Scaffoldings are regularly required in many industries for a variety of purposes but it is classed as high risk equipment and there are a number of rules and responsibilities that companies adhere to when using the equipment.
When it comes to anything where a safety risk is involved it is always important to understand where the danger comes from and what to look out for.
Not only is it important to be aware of hazards but it is also important to understand hazard prevention and what to do in risky situations.
If you want to keep informed and find out what the common hazards to look out for are then continue reading to find out more.
The high risk nature of scaffoldings equipment means that there are some common safety problems experienced on work sites. Poor safety around high risk equipment can be fatal or seriously injure employees so it is essential that employers take safety seriously and are aware of any potential issues.
Common hazards reported by employees include;
- Falls from equipment
- The collapse of scaffoldings (usually a result of too much weight on the equipment or poor stabilisation)
- Falling materials
- Electrocution from power lines or exposed electrical lines
- Heavy equipment crushing employees
All of the most commonly reported hazards and safety issues should not happen with the proper occupation health and safety procedures in place and are usually the result of poor worksite safety practices and missing safety equipment.
Employers have a responsibility to provide a safe working environment to their employees and to do everything within their power to avoid potentially dangerous situation.
Preventing safety issues
Having prevention strategies to manage common scaffoldings safety issues is essential. There are a number of important steps and processes that employers and employees can follow to ensure a safe working environment.
Every worksite is different, so before scaffoldings equipment is erected or used by any employees it is essential that a thorough inspection of the worksite and equipment is carried out to identify any potential issues.
Hazards should be documented and safety plans and prevention actions put in place where possible. If they site is found to be unsuitable then work should not commence. All employees should be made aware and trained in the correct safety processes.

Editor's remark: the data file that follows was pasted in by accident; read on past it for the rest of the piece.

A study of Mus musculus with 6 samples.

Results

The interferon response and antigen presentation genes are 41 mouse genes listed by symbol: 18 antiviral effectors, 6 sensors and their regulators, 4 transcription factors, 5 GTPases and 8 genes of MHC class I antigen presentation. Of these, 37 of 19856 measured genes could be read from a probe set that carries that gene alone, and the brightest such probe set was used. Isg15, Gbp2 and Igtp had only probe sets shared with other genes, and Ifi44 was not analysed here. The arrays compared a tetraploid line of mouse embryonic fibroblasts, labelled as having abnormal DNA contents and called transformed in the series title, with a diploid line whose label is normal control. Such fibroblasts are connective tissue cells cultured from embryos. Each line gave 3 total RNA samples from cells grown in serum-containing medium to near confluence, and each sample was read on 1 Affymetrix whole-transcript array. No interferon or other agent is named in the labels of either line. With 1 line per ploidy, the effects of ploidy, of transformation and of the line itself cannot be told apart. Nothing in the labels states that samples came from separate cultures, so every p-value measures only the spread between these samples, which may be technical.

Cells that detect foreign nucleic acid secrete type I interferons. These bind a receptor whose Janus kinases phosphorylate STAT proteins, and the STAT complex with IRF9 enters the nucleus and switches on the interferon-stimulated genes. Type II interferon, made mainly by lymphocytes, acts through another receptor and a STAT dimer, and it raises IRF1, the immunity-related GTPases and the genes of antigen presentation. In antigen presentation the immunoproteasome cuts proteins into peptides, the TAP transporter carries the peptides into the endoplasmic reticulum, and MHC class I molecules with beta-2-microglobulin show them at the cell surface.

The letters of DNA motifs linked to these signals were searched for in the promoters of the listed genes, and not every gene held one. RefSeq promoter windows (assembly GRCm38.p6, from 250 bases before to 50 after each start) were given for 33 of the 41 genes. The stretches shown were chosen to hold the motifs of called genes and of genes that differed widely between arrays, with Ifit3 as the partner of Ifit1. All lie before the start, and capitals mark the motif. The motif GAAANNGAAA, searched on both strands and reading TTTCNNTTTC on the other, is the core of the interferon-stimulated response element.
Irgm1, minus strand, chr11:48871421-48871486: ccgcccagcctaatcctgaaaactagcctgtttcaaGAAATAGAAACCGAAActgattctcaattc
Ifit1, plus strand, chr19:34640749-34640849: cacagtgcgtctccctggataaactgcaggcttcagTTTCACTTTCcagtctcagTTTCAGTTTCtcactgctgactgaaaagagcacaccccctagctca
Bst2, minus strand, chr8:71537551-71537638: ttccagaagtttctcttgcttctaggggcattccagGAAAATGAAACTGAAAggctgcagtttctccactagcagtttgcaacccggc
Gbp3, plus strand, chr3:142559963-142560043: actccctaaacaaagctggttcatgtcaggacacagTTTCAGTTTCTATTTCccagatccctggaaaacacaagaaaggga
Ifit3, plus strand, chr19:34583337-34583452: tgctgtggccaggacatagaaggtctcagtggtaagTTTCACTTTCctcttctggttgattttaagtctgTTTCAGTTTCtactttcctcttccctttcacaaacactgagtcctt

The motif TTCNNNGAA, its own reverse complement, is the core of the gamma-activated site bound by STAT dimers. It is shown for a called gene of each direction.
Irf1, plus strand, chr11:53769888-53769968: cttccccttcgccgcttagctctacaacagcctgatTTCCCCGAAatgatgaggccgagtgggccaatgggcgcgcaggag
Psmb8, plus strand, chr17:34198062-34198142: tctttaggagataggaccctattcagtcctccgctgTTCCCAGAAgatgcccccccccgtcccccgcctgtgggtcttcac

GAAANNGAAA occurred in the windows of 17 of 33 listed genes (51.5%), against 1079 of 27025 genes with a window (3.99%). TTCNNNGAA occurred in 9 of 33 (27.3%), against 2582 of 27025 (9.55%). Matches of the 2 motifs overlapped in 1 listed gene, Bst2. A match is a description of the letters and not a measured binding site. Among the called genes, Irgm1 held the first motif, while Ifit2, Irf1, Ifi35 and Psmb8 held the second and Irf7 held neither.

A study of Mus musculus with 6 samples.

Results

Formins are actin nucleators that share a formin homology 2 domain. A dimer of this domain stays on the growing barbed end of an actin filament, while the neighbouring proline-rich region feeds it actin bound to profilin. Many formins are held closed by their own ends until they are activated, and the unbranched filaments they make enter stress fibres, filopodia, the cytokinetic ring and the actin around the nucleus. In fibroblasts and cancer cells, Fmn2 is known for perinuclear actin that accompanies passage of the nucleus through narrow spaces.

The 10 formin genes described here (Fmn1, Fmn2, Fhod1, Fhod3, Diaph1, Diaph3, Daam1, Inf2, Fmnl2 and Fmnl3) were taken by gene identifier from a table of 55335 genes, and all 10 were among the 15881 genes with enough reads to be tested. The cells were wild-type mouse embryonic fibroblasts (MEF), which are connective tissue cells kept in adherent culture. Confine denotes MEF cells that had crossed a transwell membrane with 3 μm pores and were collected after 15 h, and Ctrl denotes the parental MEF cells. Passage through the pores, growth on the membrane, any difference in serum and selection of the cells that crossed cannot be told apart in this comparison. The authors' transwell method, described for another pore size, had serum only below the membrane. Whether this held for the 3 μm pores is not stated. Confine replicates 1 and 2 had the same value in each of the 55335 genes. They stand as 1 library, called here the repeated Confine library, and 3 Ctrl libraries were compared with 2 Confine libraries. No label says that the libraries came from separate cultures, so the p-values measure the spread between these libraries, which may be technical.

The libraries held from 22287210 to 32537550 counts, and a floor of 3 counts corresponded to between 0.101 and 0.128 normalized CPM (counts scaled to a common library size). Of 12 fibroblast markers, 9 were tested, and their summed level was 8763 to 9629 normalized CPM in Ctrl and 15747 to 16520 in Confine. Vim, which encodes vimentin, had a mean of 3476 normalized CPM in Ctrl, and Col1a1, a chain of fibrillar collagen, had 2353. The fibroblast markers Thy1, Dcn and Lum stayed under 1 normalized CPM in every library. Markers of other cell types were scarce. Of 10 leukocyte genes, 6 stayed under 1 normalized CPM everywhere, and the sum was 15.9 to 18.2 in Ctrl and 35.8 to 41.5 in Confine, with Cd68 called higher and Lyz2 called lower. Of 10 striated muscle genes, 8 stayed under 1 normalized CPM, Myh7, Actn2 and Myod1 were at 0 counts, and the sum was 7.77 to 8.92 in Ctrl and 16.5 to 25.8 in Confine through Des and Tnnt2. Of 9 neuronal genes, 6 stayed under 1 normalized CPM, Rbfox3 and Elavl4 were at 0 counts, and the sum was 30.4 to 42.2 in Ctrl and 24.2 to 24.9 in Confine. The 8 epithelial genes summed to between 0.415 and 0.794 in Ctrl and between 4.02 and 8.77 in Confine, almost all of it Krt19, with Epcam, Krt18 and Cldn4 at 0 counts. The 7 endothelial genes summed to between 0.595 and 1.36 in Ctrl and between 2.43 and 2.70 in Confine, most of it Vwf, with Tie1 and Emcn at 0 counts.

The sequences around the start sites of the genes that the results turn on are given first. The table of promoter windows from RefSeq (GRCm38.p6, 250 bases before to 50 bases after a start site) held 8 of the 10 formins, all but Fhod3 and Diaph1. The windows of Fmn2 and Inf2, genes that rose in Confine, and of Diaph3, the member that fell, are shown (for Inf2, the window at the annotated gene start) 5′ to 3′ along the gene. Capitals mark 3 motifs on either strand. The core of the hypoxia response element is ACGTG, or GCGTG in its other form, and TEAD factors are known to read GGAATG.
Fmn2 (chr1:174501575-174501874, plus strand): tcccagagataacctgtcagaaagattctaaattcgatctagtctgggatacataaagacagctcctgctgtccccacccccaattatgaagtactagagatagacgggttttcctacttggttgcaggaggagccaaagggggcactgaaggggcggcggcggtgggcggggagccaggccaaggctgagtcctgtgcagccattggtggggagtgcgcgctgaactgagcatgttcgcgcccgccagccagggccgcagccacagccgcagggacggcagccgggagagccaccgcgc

Inductions, training and licenses are a legal requirement when it comes to working around scaffoldings equipment. Employers have an obligation to ensure that all of the employees working around high risk equipment are properly licensed to do so, and employees must ensure that they keep up with regular training requirements and licensing renewals.
Occupational health and safety laws require that certain safety features be installed with scaffoldings equipment, such as guardrails at certain heights, safety nets, barricades, cross bracing and tipping restraints. Employees must wear personal protection equipment and uniform.
The guidelines vary based on the worksite and the height or specifications of the equipment, so it’s important to read up and ensure you are up to safety standards for you particular circumstances.
When the worst does happen and an accident happens onsite it is important that a emergency response plan is in place, all employees should know who to call in an emergency situation and how to respond or avoid putting themselves in further danger.
Scaffoldings are responsible for hundreds of deaths across Australian worksites every year. Whilst it is important and essential equipment it is also high risk and involves employees working at heights and at significant risk of fall or injury from falling equipment or collapsing structures.